Good Beer Week has arrived, with the country's brewing community descending on Melbourne to help stage 300-plus events at more than 200 participating venues.
It's the biggest week in Australian beer, and this time locals will be joined by an unprecedented line-up of American brewers.
Participants run the full gamut from icons like Sierra Nevada, Goose Island and Brooklyn Brewery, to smaller regional outfits like Commons and Breakside out of Portland.
Late to the party
Our market for craft beer is tiny in comparison to the US, and we are often touted as being a decade or more behind in our embrace of more challenging beer styles. So what's the big attraction for the Americans?
"Australia is a pretty exciting market with a lot of people that like to travel and a lot of people that like to dine out and try new beers," says Miro Bellini, one of the festival's organisers and the Australian ambassador for Brooklyn Brewery.
And if somehow you hadn't noticed, Americana is huge right now in Australia's drinking and dining scene. American-themed bars and diners continue to multiply in our major cities, offering imported craft beers to complement burgers, barbecue and other American fare.
A critical mass
But there are is another driver for the incursion, with increasingly fierce competition among American breweries in their home market.
There are now more than 5300 breweries in the US, a number forecast to swell to an incredible 7700 in the next few years. Developing export markets has become a more appealing prospect for American brewers than fighting for taps and shelf space at home.
"It is a crowded market, there's no doubt about it," says Michael Corrigan, vice president of sales at Colorado's New Belgium Brewing.
"But because of the competition, everybody's game has been raised. There's better brews coming out from more brewers that have higher quality and better consistency than they've ever had."
Corrigan says it was consumer appetite for American craft beer that enticed New Belgium to launch its beers in Australia last year.
"The world is just getting to be a flatter place. There's more and more consumers that are becoming aware of what American craft beer is and what makes it unique," he says.
Mergers and acquisitions
There is also the ongoing buyouts of American craft breweries by the multinationals, increasing the availability of their beers in markets such as Australia.
Heineken last week completed its purchase of California's Lagunitas Brewing Company, which has announced its impending launch in Australia.
Another new arrival is Goose Island Brewing, the Chicago pioneer that was acquired in 2011 by the world's biggest brewer, AB InBev. Goose Island has been introduced by ABI's local subsidiary Carlton & United Breweries.
"For Chicagoans, Australia has always seemed like a far-away dream, so when we realised that there was a craft beer revolution happening in Australia and a demand for American craft beers, we wanted to be here," says the brewery's head of education, Cristina Perozzi.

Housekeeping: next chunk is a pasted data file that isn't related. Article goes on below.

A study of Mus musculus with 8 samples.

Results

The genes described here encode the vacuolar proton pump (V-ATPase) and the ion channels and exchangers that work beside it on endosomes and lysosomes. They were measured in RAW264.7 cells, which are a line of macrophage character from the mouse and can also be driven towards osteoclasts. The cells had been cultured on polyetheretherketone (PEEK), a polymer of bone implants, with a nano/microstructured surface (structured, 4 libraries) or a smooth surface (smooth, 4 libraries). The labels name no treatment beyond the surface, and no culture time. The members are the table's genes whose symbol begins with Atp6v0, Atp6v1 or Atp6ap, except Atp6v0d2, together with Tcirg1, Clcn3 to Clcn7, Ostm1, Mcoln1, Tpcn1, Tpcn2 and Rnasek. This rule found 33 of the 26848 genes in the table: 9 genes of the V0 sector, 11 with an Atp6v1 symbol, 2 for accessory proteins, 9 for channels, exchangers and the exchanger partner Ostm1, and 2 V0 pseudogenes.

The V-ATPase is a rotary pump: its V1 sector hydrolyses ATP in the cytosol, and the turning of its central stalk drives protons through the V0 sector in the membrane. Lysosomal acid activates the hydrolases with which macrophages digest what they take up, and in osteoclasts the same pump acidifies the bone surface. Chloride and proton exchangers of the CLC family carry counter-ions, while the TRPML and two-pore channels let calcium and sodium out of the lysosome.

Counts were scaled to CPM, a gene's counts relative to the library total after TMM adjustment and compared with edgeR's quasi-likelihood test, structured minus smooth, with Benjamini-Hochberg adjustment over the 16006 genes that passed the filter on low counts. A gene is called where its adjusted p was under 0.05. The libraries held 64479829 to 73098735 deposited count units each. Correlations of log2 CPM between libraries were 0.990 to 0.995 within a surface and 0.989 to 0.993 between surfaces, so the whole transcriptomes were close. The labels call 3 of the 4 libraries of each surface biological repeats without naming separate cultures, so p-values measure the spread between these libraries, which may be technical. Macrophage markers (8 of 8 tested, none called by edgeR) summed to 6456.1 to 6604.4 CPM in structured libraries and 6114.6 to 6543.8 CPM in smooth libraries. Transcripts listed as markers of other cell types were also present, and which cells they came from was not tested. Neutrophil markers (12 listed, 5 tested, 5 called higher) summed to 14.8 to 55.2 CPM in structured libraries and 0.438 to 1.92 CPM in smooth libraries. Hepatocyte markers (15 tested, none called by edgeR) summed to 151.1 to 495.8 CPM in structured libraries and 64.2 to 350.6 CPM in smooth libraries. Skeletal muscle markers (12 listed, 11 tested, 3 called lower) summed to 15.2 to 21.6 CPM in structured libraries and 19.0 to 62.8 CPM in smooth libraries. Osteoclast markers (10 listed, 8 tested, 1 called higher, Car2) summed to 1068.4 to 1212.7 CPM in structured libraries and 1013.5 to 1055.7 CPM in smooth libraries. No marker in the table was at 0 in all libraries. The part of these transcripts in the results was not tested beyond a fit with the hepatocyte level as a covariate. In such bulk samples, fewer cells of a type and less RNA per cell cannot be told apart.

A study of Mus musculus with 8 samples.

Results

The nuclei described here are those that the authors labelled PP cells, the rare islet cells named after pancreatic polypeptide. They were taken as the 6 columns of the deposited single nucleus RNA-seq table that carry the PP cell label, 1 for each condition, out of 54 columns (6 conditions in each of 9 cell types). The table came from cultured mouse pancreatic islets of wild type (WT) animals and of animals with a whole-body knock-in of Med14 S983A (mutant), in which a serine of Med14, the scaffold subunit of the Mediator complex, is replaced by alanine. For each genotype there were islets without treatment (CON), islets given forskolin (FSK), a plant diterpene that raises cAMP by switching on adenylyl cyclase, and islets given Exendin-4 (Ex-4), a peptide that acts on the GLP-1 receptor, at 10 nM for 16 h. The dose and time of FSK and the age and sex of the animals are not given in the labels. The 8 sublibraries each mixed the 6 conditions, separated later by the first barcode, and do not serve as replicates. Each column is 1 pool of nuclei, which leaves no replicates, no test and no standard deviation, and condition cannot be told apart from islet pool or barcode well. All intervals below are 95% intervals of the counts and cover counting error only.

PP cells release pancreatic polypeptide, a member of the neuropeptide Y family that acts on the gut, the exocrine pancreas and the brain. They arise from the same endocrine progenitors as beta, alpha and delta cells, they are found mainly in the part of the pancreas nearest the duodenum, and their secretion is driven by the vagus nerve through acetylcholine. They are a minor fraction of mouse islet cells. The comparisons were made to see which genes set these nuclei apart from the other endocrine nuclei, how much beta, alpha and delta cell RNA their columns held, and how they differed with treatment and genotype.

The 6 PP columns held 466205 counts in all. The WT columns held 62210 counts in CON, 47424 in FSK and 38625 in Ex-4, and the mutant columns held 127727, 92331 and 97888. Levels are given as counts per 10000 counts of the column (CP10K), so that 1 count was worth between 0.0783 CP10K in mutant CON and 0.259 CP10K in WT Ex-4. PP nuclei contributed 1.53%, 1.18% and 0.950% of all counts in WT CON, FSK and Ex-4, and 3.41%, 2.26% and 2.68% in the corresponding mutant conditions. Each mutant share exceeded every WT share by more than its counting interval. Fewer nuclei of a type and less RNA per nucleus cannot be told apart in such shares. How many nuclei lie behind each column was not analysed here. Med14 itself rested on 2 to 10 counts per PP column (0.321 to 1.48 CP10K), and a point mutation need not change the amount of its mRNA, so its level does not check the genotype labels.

Gaps in the boom
Australian craft beer has progressed considerably since the first Good Beer Week took place with a modest 40 events in 2011. The impressive debuts of companies like Modus Operandi in Sydney and Pirate Life in Adelaide mean we no longer have to look offshore for our India Pale Ale fix, with world class examples now produced at home.
But there are some beer styles produced in the US that are yet to find their equal in Australia, according to Good Beer Week's Miro Bellini.
"I think if you look at what some of these breweries are doing with barrel-ageing, that there aren't too many Australian breweries that are really heavily invested in that," he says.
"White Rabbit and Boatrocker are two Australian breweries that make amazing barrel-aged beers.
"But if you look at Goose Island and Deschutes and Brooklyn Brewery, who I represent, they've got years of working with barrels and running experimental programs."
Getting the message across
And Bellini says that with craft beer still occupying only a small segment of the market in Australia, the participation of well-resourced US brewers has other benefits beyond unique beers.
"It takes a lot of work to broadcast craft beer to a new market, to tell people outside of Melbourne CBD about IPAs, brown ales and stouts. That's a big investment," he says.
"These breweries can help tell that story and I believe it's part of broadening the market. These are breweries that are quite advanced and it helps set a higher standard for the festival."
All for one
Far from feeling threatened by the competition, Bellini says many Australian brewers are as excited as punters themselves about visits from some of the American names that inspired them to get into the industry.
"That's shown in the amount of collaborations that are going on. I think the scene is very collegiate, there's a lot of people welcoming in these American breweries," he says.
Bellini is steeling himself for a big week ahead, with Brooklyn set to collaborate on events with Footscray brewery Hop Nation as well as Braeside's Boatrocker.
"We've got 16 events in nine days and I'll be at 15 of them," he says.
Good Beer Week runs from Friday May 12 to Sunday May 21. Visit www.goodbeerweek.com.au for the full schedule of events.
Check out the gallery above to see 10 of the best American craft beers to stock in your esky.